Schools minister Nick Gibb has admitted there is an issue with teacher recruitment and retention which he says the government is tackling.

In an exclusive interview with Schools Week, he said that teachers should not “underestimate” how seriously the government is about tackling workload and also revealed plans to introduce a “simple computer-based” multiplication test for primary children.

Following our investigation last week into the recruitment crisis, Mr Gibb (pictured) said teachers were constantly describing it to him as a problem.

“Whenever I go to meet teachers this issue always comes up, and I come back here, and I challenge officials: Why am I hearing these concerns when the retention rate is very stable, as it is, and has been for a decade?

“In devising policy, I am assuming that what I am hearing from [teachers] is true, and the statistics somehow – albeit true – are not telling us the whole story.”

Official figures on the number of teachers leaving the profession in their first five years have remained static.

However, figures revealed by Schools Week in July show that the temporary filling of posts increased by 50 per cent in the past year. We also revealed last month that more teachers left to teach overseas last year than completed postgraduate teacher training at universities.

Mr Gibb said he believed the problem may be worse in some regions. “Parts of England, for example, might differ – there might be problems in rural or coastal parts of the country, where it is difficult to attract people.”

But he added: “Policies are based on assumptions that there is an issue… I am always assuming there is an issue.”

New moves by the government include offering schools up to £1,900 for each ex-teacher brought back into the profession, and increased bursaries for training in some subjects.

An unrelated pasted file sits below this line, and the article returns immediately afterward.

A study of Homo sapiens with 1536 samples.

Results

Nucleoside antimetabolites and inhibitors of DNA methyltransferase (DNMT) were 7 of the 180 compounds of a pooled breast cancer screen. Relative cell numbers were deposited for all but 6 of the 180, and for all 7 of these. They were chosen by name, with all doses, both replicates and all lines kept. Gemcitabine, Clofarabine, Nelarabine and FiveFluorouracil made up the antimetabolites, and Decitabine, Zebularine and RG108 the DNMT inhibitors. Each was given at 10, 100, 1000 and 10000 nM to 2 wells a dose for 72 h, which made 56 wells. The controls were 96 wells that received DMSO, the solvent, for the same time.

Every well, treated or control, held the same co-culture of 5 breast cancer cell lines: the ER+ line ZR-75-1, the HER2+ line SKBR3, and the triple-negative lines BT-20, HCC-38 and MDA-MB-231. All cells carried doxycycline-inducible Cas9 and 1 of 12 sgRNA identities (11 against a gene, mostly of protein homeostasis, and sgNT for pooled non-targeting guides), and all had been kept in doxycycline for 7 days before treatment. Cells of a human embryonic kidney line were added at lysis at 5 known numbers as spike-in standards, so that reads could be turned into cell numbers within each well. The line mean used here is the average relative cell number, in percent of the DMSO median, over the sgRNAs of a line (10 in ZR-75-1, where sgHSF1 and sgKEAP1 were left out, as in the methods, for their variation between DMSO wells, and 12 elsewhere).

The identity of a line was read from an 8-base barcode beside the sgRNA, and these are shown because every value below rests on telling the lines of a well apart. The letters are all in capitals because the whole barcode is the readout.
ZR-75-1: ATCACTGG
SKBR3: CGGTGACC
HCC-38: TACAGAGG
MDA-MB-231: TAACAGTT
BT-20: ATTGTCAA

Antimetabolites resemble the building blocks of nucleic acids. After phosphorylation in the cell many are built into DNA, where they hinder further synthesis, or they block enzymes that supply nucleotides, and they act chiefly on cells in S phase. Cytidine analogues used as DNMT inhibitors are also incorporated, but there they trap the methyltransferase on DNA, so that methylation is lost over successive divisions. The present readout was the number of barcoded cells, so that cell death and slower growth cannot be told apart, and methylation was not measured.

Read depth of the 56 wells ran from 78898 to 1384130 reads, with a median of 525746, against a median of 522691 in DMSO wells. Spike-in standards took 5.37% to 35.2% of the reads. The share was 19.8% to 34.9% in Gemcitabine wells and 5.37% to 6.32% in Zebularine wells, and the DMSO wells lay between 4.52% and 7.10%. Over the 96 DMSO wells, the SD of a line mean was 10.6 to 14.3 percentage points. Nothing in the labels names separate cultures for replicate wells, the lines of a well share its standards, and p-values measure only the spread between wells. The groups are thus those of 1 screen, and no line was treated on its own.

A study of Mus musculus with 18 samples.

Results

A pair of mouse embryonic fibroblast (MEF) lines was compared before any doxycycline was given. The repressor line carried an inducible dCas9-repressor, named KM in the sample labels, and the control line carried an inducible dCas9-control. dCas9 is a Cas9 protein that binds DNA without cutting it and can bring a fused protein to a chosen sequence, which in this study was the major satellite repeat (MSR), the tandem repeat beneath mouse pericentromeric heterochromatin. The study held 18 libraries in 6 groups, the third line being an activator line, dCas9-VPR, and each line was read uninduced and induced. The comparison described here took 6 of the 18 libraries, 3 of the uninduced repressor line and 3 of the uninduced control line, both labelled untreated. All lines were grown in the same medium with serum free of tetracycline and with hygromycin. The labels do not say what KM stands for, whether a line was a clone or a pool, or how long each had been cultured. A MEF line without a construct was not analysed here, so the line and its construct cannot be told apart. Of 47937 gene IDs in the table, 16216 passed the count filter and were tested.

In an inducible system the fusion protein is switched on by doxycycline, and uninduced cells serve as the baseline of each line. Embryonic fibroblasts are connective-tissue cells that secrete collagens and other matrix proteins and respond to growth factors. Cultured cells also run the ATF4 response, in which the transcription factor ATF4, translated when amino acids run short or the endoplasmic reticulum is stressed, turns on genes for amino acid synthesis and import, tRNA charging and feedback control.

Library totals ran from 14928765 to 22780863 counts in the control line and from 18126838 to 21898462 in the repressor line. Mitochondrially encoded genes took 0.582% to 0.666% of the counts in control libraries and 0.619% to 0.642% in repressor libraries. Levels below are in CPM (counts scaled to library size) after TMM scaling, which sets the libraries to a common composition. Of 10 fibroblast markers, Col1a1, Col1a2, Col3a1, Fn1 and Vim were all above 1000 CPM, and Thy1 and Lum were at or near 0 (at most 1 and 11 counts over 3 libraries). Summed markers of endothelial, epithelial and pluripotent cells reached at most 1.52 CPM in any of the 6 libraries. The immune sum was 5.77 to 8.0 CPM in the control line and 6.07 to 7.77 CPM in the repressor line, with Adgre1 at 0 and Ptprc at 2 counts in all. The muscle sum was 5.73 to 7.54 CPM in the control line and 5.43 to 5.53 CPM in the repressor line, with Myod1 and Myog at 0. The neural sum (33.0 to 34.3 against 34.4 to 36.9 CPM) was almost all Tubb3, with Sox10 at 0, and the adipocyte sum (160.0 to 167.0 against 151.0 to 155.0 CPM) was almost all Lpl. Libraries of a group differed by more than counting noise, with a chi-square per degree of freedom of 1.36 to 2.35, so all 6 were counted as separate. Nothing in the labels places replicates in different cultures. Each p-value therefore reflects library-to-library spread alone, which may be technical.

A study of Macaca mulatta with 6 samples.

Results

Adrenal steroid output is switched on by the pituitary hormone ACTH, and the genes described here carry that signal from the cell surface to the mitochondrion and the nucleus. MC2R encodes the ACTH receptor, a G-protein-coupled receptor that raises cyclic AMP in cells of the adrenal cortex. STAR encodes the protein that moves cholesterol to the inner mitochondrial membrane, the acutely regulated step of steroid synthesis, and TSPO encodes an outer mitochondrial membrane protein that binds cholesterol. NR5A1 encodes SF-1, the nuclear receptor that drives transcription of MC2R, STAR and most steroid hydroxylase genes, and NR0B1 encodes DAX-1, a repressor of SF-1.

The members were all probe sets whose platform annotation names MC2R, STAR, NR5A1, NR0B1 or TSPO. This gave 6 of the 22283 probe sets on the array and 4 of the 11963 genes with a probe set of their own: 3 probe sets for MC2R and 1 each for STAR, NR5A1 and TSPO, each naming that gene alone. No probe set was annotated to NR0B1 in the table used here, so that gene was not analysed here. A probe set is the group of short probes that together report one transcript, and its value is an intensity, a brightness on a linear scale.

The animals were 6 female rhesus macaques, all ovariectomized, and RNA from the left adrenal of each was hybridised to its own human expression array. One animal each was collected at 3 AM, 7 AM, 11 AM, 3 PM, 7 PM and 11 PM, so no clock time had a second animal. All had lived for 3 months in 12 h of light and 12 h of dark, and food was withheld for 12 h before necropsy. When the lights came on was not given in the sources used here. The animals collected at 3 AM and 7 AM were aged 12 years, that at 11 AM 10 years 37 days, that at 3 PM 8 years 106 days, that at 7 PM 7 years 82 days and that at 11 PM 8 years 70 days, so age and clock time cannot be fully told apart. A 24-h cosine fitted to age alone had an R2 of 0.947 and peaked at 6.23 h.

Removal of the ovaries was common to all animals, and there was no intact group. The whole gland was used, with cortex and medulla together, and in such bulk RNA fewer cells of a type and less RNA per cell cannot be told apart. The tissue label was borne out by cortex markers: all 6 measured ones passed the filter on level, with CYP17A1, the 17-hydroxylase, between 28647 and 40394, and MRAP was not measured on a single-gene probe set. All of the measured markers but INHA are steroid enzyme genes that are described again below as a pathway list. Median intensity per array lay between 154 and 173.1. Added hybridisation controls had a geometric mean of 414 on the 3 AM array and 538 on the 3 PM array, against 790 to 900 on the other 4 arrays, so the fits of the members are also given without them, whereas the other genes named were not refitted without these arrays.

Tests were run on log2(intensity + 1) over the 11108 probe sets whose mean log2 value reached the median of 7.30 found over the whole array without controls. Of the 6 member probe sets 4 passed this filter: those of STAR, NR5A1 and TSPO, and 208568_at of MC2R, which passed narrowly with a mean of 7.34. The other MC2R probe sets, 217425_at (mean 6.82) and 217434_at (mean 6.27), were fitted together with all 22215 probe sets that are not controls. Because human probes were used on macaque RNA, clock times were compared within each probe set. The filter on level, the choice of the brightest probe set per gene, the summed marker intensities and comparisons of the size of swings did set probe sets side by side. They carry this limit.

But union leaders have cited workload concerns as the reason for teacher flight.

“Don’t underestimate how serious we are about tackling workload,” Mr Gibb says. “Three of the eleven expert working groups are dealing with workload. Those groups are going to find answers to the problem.”

The three expert groups, announced in July, will look into the workload burdens associated with marking, planning and assessment. Leaders of the groups were announced last week.

In June, Mr Gibb told the audience at the right-leaning think tank Policy Exchange that he wanted to see the return of ‘high-quality textbooks”. One reason for this was a belief that they reduce teacher workload but he denied that the government would ever uniformly require schools to use such resources.

“It’s not in our nature as a country to have a DfE prescribed textbook,” he said.

A check on pupils’ ability to recall their timestables will be implemented, though.

During the general election the government pledged that all children would be required to learn their multiplication tables, by heart, up to the 12 times table. It was also reported that leaders who failed to ensure their pupils met the standard could be replaced.

Mr Gibb said the manifesto commitment would be honoured and that current thinking was “to introduce a simple computer-based multiplications test by the age of 11”.

Brian Lightman, general secretary of the Association of School and College Leaders, welcomed the government’s willingness to recognise teacher shortages and workload but raised concerns about the multiplication tests.

“Children are already tested to distraction. The tables are already in the curriculum and it’s up to teachers to use their professional skills to decide how to assess it.

“We do not need centralised tests to do this. We really do not need any more accountability measures.”